The dominant voice in the novel is that of Alice Lovett, who we soon learn was the “private school girl” in question. Because she can’t remember what happened, she has only the crude tale the lacrosse players shared — one that spread throughout the community — and remains haunted by both the trauma of that night and the taunting she endured after.
Now in her early 30s, Alice works as a ghostwriter, telling other people’s stories for a living. Her only connection to her nightmarish high school experience is her old friend Haley Moreland, with whom she shared a teenage love of horror movies. Haley urges Alice to finally go public with her story. But nothing about Alice’s story, or this novel, is so simple.
“True Story” unwinds through a variety of “found” and fashioned narratives spanning nearly two decades that become a bricolage we assemble ourselves. We read Alice and Haley’s eighth-grade horror screenplays, drafts of Alice’s college admissions essays, complete with vapid tutor comments (“I’m surprised you love horror movies. … I want to know why. Can this essay go deeper?”), Alice’s emails to Haley after fleeing an abusive relationship. A pair of bookending letters from Alice to Haley do a lot of the work to help us assemble what happened that night, to get at the “true story,” even as the term itself feels increasingly useless, deceptive.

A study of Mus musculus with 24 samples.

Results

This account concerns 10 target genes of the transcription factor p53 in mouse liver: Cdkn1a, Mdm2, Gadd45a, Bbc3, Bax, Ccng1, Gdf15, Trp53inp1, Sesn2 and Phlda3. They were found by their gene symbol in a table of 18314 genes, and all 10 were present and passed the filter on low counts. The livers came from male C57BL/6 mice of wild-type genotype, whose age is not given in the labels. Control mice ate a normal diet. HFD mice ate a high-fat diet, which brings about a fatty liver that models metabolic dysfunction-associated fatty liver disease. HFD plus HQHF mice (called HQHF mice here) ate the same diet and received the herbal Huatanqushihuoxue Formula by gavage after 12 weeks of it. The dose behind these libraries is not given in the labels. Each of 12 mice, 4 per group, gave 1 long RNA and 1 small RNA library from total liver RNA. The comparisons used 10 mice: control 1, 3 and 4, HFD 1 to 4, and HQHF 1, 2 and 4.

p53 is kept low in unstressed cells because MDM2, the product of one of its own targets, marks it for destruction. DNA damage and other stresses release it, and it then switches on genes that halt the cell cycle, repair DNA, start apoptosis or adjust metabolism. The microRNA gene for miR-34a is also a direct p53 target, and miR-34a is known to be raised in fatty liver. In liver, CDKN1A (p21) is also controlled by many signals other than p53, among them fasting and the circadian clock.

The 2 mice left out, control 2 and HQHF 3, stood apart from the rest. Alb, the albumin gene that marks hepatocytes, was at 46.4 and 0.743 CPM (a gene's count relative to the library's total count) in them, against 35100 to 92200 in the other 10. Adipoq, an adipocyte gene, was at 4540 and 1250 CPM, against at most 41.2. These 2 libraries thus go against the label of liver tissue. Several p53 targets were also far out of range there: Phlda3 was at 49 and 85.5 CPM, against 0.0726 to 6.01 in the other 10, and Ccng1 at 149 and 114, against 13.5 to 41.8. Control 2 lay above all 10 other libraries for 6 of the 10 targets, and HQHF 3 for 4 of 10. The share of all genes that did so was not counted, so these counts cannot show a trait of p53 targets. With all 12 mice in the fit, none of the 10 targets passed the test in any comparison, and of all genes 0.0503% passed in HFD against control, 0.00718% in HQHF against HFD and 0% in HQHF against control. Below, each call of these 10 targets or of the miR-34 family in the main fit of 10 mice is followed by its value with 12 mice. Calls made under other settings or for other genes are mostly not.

The most incisive sections, however, are more traditional narratives devoted to Nick Brothers, a teammate of the two lacrosse players who took Alice home that night. When we meet him, he’s a callow jock enjoying the last gasps of high school sports prestige. At first, whatever his teammates did to the “private school girl” is merely a great, dirty story to him. When authorities fleetingly intervene, it becomes a “scare” that soon evaporates as a tide of himpathy rises for the accused players. “Things had turned out all right,” Nick tells us after the investigation is dropped. “We had been through something together, we agreed, and it had made us stronger.”
As the years pass, Nick’s precarious masculinity erodes. The intense partying of his teenage years has curdled into alcoholism and an overall failure to launch. In one tour de force section, we join 26-year-old Nick as he makes his way to a cabin in the woods for a “lost weekend” of marathon drinking. Evoking one of Kenneth Lonergan’s broken and arrested white men, he mourns his failures as he drives, savoring the comfort of a $70 bottle of bourbon between his legs to “remind himself of the reward on its way.” As he approaches the cabin, however, we swap genres, entering swiftly into the sinister foreboding of a thriller before moving into body horror as Nick, over the course of two days, undoes himself with drink and confusion.